What is Valuation?

Knowing what an asset is worth and what determines that value is a pre-requisite for intelligent decision making - in choosing investments for a portfolio, in deciding on the appropriate price to pay or receive in a takeover and in making investment, financing and dividend choices when running a business. The premise of valuation is that we can make reasonable estimates of value for most assets, and that the same fundamental principles determine the values of all types of assets, real as well as financial. Some assets are easier to value than others, the details of valuation vary from asset to asset, and the uncertainty associated with value estimates is different for different assets, but the core principles remain the same. This introduction lays out some general insights about the valuation process and outlines the role that valuation plays in portfolio management, acquisition analysis and in corporate finance. It also examines the three basic approaches that can be used to value an asset.


Perceptions of value have to be backed up by reality, which implies that the price we pay for any asset should reflect the cashflows it is expected to generate. Valuation models attempt to relate value to the level of, uncertainty about and expected growth in these cashflows. There are many aspects of valuation where we can agree to disagree, including estimates of true value and how long it will take for prices to adjust to that true value. But there is one point on which there can be no disagreement. Assets prices cannot be justified by merely using the argument that there will be other investors around who will pay a higher price in the future.


Approaches to Valuation

In general terms, there are three approaches to valuation. The first, discounted cashflow valuation, relates the value of an asset to the present value of expected future cashflows on that asset. The second, relative valuation, estimates the value of an asset by looking at the pricing of 'comparable' assets relative to a common variable like earnings, cashflows, book value or sales. The third, contingent claim valuation, uses option pricing models to measure the value of assets that share option characteristics. While they can yield different estimates of value, one of the objectives of discussing valuation models is to explain the reasons for such differences, and to help in picking the right model to use for a specific task.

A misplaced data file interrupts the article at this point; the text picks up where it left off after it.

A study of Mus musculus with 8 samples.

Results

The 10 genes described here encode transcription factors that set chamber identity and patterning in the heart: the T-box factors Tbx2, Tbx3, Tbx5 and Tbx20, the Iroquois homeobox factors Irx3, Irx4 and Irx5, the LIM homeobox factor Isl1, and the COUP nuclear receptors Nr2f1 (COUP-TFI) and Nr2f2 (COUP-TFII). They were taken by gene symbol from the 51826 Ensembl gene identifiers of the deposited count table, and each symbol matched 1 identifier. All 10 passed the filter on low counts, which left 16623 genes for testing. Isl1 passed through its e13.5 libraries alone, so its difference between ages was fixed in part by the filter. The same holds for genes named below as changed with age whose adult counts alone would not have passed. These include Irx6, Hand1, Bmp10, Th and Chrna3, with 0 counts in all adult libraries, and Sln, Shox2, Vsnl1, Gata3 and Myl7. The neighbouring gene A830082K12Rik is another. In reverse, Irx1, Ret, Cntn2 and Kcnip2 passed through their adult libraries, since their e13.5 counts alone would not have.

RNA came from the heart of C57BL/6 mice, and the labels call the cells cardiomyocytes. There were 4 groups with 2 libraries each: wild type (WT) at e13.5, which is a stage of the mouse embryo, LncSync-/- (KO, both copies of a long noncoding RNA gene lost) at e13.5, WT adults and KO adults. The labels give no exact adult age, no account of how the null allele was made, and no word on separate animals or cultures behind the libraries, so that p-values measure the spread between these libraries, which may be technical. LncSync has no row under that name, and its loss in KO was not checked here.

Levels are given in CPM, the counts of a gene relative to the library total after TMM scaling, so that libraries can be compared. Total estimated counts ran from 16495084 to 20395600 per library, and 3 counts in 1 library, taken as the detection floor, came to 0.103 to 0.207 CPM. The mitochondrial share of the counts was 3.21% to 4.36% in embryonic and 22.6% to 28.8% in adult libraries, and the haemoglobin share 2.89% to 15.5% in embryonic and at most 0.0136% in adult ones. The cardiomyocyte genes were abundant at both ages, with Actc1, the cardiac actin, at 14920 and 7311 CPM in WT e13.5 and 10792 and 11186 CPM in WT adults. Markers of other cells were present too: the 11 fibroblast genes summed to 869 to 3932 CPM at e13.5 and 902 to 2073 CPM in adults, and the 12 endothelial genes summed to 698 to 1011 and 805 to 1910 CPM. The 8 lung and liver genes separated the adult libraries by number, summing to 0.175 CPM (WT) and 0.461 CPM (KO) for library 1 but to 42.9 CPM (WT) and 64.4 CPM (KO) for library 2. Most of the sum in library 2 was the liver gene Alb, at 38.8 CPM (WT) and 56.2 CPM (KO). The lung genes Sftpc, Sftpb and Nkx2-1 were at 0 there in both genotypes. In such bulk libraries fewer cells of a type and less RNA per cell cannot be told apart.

At Financial Consultants for Marketable Securities, Dr. A.M Hegazy-Horwath our task will be limited to estimating the degree to which the fair value of the company’s shares fluctuates according to the following valuation methods:

     - Book value

     - Replacement cost

     - Discounted Future Cash Flow or Discounted Future Profit Figures

     - Profit multiplier


When valuing fixed assets and other related account (such as work in progress, inventory, and real estate investments…..etc), the fair value of the client company shares will depend on technical reports prepared by independent engineering offices. The company will be responsible for providing all the necessary documents, records, and information, as well as facilitating all meetings to be held with different managerial levels responsible for the company’s activities and in our opinion is important for the study. The client company will be responsible for providing approved financial statements for a period of 3 years before the date of valuation, in addition to financial statements approved at the date of valuation. Those financial statements should be classified in accordance with the Egyptian Accounting Standards or the International Financial Reporting Standards (IFRS).